The name chikungunya may sound funny but this virus is no laughing matter. According to the Centers for Disease Control and Prevention (CDC), recent cases are being reported in Georgia, North Carolina, and Tennessee, totaling 57 infections reported in the United States so far this year. To date, all cases occurred in travelers returning from affected areas in the Caribbean. The mosquitoes that spread chikungunya bite mostly during the daytime.
The best way to prevent chikungunya virus infection is by avoiding mosquito bites altogether. Check out our National Mosquito Control Awareness week blog for tips on how to keep mosquitoes at bay this summer, and all year long.
If traveling to a country where chikungunya is widespread, use extra precaution in protecting yourself from mosquito bites. When spending time outdoors, it is suggested travelers wear protective clothing (long-sleeved shirts, pants, etc.) and apply insect repellants containing DEET.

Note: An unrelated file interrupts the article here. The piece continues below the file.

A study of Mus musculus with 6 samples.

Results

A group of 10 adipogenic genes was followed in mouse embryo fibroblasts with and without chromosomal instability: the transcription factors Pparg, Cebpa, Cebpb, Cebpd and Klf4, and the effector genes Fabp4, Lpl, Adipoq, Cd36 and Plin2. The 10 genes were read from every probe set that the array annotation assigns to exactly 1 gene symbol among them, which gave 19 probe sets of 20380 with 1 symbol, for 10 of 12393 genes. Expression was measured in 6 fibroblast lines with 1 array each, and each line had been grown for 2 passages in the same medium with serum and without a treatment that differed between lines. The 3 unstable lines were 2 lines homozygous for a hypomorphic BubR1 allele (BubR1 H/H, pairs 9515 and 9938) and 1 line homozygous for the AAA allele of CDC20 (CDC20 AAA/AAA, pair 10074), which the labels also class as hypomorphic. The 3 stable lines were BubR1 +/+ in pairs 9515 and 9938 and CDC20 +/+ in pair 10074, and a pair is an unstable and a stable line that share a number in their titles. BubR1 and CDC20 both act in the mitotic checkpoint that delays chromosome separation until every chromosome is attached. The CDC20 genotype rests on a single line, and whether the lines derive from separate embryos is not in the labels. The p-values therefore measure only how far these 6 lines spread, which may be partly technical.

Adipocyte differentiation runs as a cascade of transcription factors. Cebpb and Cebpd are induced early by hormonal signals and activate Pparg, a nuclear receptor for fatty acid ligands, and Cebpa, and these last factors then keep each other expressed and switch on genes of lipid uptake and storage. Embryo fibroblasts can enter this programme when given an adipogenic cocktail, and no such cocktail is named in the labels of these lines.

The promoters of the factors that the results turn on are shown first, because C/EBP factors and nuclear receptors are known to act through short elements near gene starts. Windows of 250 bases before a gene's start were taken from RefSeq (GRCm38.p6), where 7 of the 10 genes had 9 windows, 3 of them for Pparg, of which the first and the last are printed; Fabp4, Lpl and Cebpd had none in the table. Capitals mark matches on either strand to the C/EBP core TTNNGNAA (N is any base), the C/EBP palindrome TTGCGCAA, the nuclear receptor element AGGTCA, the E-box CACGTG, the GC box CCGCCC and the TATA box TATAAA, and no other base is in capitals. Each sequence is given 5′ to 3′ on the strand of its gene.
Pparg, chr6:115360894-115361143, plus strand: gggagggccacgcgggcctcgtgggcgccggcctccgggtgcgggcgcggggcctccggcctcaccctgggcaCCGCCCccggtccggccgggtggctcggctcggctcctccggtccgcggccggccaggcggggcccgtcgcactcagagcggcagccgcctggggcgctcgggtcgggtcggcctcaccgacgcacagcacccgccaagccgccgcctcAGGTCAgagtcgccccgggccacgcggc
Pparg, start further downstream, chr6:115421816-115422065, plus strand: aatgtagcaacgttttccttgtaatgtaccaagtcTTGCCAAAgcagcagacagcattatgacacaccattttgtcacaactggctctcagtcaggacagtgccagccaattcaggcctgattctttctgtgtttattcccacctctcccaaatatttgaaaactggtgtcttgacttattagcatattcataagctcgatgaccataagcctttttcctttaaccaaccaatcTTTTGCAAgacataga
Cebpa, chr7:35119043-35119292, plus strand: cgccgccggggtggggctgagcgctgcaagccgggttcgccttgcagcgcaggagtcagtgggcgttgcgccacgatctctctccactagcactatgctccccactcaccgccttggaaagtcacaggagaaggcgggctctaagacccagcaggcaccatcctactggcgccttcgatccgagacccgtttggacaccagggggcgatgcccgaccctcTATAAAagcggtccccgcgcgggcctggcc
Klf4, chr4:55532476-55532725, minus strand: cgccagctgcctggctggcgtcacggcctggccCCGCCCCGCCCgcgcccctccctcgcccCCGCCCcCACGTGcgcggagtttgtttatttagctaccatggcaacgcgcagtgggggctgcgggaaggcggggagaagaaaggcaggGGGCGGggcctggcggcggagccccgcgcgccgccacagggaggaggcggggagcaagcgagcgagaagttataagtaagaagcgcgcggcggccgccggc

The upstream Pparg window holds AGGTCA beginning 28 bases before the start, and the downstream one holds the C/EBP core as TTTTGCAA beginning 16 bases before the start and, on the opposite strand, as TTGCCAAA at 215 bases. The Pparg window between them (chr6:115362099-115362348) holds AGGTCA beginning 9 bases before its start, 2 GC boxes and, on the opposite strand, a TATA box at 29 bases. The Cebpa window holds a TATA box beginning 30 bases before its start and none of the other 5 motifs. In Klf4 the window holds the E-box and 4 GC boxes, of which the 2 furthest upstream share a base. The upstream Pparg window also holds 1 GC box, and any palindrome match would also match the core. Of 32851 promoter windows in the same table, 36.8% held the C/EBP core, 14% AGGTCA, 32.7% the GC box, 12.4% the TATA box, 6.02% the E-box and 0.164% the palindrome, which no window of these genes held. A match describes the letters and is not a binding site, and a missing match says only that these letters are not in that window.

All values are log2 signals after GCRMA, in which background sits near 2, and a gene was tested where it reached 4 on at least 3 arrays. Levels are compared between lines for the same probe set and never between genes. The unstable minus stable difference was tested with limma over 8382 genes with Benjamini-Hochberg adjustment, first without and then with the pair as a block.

Patients who are diagnosed with chikungunya should avoid additional exposure to mosquitoes to help prevent the further spread of the virus to other mosquitoes and later to other people.
The word chikungunya originated from a word in the Kimakonde language, meaning “to become contorted” and describes the stooped appearance of sufferers. Bites from an infected mosquito can lead to symptoms such as fever and extreme joint pain, along with headaches, muscle pain, joint swelling, and rashes. These symptoms can begin four to eight days after infected and usually resolve after one week. While most patients recover fully, some experience persisting joint pain for months, or even years.
Although not fatal, there is currently no vaccine or treatment for the virus. But with proper care and actions, it can be prevented.
A viral infection transmitted to humans by infected mosquitoes, chikungunya originated in southeast Africa. The virus has since spread throughout sub-Saharan Africa and has become well established in the Indian subcontinent, Southeast Asia, and islands of the Indian and Pacific Ocean. In late 2013, chikungunya virus was found for the first time in the Americas on islands in the Caribbean.